White shark (Carcharodon carcharias) COSEWIC assessment and status report: chapter 12

Technical Summary - Pacific Population

Carcharodon carcharias

White shark – Pacific population: Grand requin blanc

Range of Occurrence in Canada:
Range of Occurrence in Canada: Pacific Ocean

Extent and Area Information

Extent of occurrence (EO) (km²)
Insufficient data for a calculation: Likely continental shelves.
Specify trend in EO:
Are there extreme fluctuations in EO?
Area of occupancy (AO) (km²):
Specify trend in AO:
Are there extreme fluctuations in AO?
Unknown, possibly seasonal
Number of known or inferred current locations:
Specify trend in # :
Are there extreme fluctuations in number of locations?
Specify trend in area, extent or quality of habitat:

Population Information

Generation time (average age of parents in the population):
23 yrs (est.)
Number of mature individuals:
Total population trend:
% decline over the last/next 10 years or 3 generations.
Are there extreme fluctuations in number of mature individuals?
Is the total population severely fragmented?
Specify trend in number of populations :
Are there extreme fluctuations in number of populations?
List populations with number of mature individuals in each:
No data available

Threats (actual or imminent threats to populations or habitats)

Commercial fishery bycatch worldwide (no confirmed records from Canada); market for jaws, teeth, and fins; sport angling; coastal habitat modification, pollution.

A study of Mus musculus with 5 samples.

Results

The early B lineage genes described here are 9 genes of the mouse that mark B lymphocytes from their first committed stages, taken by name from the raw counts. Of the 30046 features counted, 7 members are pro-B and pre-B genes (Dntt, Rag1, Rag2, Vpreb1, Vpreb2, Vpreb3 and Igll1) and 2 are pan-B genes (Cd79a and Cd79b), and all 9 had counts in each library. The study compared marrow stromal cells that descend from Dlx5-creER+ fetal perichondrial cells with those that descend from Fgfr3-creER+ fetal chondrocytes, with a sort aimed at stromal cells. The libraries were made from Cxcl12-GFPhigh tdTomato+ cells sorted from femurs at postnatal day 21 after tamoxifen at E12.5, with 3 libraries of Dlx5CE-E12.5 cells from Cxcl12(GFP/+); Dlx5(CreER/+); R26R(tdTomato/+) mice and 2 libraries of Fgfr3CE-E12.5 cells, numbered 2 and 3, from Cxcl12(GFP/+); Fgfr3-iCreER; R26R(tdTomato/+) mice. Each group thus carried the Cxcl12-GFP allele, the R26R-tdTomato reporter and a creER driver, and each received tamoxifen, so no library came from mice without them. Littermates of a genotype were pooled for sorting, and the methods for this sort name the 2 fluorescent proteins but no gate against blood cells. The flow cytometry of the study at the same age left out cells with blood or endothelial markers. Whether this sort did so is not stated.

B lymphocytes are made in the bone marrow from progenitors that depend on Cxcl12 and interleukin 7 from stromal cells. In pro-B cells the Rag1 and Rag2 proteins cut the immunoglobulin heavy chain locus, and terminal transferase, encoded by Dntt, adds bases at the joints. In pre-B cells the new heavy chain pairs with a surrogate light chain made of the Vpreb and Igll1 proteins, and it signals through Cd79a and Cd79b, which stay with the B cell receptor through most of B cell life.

Rescue Effect (immigration from an outside source)

Status of outside population(s)?
USA: Unknown
Is immigration known or possible?
Would immigrants be adapted to survive in Canada?
Is there sufficient habitat for immigrants in Canada?
Is rescue from outside populations likely?

Quantitative Analysis

Not done

Current Status

  • COSEWIC: Data Deficient (April 2006);
  • CITES Appendix II (October 2004);
  • IUCN - Vulnerable

Status and Reasons for Designation

Status: Data deficient

Alpha-numeric code: Not available

Reasons for Designation: The species is globally distributed in sub-tropical and temperate waters, but absent from cold polar waters; hence Atlantic and Pacific populations in Canada are isolated from each other and are considered separate designatable units. This very large apex predator is rare in most parts of its range, but particularly so in Canadian waters, which represent the northern fringe of its distribution. There are only 14 records over 43 years for the Pacific coast of Canada. No abundance trend information is available for Pacific Canadian waters, or for adjacent waters in the United States that would permit a status designation.

Applicability of Criteria

Criterion A: (Declining Total Population): Information is not available.

Criterion B: (Small Distribution, and Decline or Fluctuation): Not met

Criterion C: (Small Total Population Size and Decline): Not met

Criterion D: (Very small Population or Restricted Distribution): Not met

Criterion E: (Quantitative Analysis): Not available.